DTM Legal’s Fredrica Jarrett outlines the importance of Shareholders’ Agreements, and the risks of not having them.
Whether you are a shareholder of an owner managed business with fellow shareholder directors, a shareholder in a business where you are not involved in day to day operations, or you are thinking about starting a joint venture business; it is important that everyone involved in the ownership and management of the company is clear as to their rights and responsibilities (and those of their fellow owners and managers).
The risks of not having a Shareholders’ Agreement
- Disagreement can often arise amongst shareholders, leading to a position where the shareholders cannot agree on the best way forward, and there is no majority to pass a resolution
- Minority shareholders can often end up having little control or say in the running of the company
- The board could potentially have too much control, without any shareholder involvement on certain matters which shareholders feel they should have been consulted about
- Articles of Association of a company are a public document, and as such may not be appropriate to address sensitive or internal company issues
- Things may not work out as planned and difficulties can arise without a clearly defined exit strategy
How a Shareholders’ Agreement can overcome the risks
A Shareholders’ Agreement can detail how to deal with disputes and the outline the procedures to follow in the event of a “deadlock” situation.
“Texas shootout” or “Russian Roulette” clauses requiring a shareholder to state a price per share at which he will either buy or sell can be included, and it can also provide much more protection for minority shareholders than those provided in the Companies Act 2006.
Shareholders with smaller shareholdings can ensure their involvement by listing matters which will require their consent or enable certain shareholders the right to appoint a director – this also enables shareholders with smaller holdings to ensure the protection of their investment.
A Shareholders’ Agreement can be used to control the division of power between the directors and shareholders and the extent of shareholders’ influence over the management of the company. This can include details of matters which require either the consent of either all or a specified majority of the shareholders.
It is a private contract between the parties and can address issues which for reasons of confidentiality shareholders may not want detailed in the Articles of Association.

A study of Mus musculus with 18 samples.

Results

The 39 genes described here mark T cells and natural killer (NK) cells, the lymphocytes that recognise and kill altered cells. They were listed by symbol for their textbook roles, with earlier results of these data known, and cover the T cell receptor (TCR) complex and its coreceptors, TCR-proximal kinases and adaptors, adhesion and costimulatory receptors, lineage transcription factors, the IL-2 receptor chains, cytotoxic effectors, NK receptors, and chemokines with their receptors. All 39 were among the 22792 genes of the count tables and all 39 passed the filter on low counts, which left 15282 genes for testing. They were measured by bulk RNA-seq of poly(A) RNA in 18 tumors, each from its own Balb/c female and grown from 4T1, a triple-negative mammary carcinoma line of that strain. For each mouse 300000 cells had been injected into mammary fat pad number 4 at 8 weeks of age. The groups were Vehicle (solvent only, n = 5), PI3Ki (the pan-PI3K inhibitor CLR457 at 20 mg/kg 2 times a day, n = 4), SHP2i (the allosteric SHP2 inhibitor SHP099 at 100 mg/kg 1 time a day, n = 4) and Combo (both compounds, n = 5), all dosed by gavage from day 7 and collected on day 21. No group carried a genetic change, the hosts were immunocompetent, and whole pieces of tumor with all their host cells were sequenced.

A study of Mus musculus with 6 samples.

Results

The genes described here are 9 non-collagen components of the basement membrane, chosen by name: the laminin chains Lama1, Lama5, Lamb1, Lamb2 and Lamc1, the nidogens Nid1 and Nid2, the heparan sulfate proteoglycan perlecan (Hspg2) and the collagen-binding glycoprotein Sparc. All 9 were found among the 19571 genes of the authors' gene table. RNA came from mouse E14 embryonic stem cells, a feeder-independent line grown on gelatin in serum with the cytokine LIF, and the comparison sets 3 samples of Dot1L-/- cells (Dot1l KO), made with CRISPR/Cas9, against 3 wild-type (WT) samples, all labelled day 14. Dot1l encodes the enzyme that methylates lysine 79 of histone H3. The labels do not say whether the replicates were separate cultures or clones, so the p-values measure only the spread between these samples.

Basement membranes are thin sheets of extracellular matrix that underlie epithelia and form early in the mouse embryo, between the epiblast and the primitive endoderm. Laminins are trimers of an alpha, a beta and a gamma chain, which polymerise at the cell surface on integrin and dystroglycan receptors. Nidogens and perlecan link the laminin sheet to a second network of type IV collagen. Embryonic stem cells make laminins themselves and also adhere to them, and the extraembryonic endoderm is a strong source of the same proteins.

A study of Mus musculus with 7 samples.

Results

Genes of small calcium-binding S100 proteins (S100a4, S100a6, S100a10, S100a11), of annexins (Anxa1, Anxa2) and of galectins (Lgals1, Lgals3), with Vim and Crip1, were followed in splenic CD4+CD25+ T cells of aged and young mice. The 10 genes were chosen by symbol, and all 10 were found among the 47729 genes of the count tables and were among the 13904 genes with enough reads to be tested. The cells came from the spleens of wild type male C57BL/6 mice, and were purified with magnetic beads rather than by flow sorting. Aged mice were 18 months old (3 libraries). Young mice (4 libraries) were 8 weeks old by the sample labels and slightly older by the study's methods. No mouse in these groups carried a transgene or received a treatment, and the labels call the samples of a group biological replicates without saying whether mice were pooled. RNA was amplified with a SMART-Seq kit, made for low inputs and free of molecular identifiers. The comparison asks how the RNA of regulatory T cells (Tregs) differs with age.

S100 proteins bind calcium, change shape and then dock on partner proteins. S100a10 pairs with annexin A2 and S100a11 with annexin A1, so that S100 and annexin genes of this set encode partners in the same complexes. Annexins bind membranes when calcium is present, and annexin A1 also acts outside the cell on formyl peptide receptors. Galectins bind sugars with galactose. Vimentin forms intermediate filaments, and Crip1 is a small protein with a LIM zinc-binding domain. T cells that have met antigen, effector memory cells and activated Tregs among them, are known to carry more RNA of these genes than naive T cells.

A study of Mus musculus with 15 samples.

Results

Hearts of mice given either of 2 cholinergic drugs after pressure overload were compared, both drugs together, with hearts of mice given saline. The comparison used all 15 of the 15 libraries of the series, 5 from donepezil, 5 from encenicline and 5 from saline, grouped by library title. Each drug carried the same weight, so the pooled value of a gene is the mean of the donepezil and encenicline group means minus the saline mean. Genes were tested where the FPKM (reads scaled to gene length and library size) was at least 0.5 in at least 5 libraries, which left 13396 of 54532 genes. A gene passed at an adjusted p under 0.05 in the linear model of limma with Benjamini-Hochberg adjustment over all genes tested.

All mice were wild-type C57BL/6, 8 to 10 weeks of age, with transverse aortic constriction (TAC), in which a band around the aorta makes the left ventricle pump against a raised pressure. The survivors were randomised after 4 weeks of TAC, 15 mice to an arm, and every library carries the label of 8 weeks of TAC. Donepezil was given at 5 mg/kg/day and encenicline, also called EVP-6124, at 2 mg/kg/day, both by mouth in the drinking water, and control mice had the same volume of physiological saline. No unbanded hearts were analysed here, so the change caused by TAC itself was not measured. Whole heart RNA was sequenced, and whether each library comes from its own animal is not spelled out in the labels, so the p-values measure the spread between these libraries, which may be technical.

As the company is often also a party to the Shareholders’ Agreement it can be used as a mechanism to bind the company to particular obligations, and it can also outline the circumstances in which the agreement will terminate and the procedure for the transfer of shares.
What else can a Shareholders’ Agreement contain?
- How the company is to be managed and how the board is to be appointed
- The financing of the company and how future finance will be raised
- The procedure which applies in the event of a shareholder wishing to dispose of his shares (and the circumstances in which a shareholder may be forced to dispose of his shares) including how shares are to be valued, the right of first refusal for the company and other existing shareholders and any necessary prohibitions (for instance stopping the sale to competitors)
- The issue of further shares and whether current shareholders get the first option to subscribe so as to maintain their existing percentage holding
- Dividend policy of the company. What percentage of post tax profits should be paid to shareholders each year and a provision detailing when the company is not obliged to pay any dividends
- Any restrictive covenants placed on the shareholders whilst they are a shareholder and/or once they have sold their shares
TOP TIP – Restrictive covenants in Shareholder Agreements can carry more weight than those in employment contracts! An outgoing shareholder will usually receive payment which can be directly related to the value of the company.
Why should you have a Shareholders’ Agreement?
A Shareholders’ Agreement can cover as many or as few matters as the parties feel necessary. It creates a balance between the need to protect shareholders whilst enabling the board to run the company without undue interference.
Far too often people set up companies with friends or relatives without consideration of protecting their interests in the company until it is too late.
Having a Shareholders’ Agreement and getting it right from the beginning can save a lot of time and costs further down the line if things do go wrong!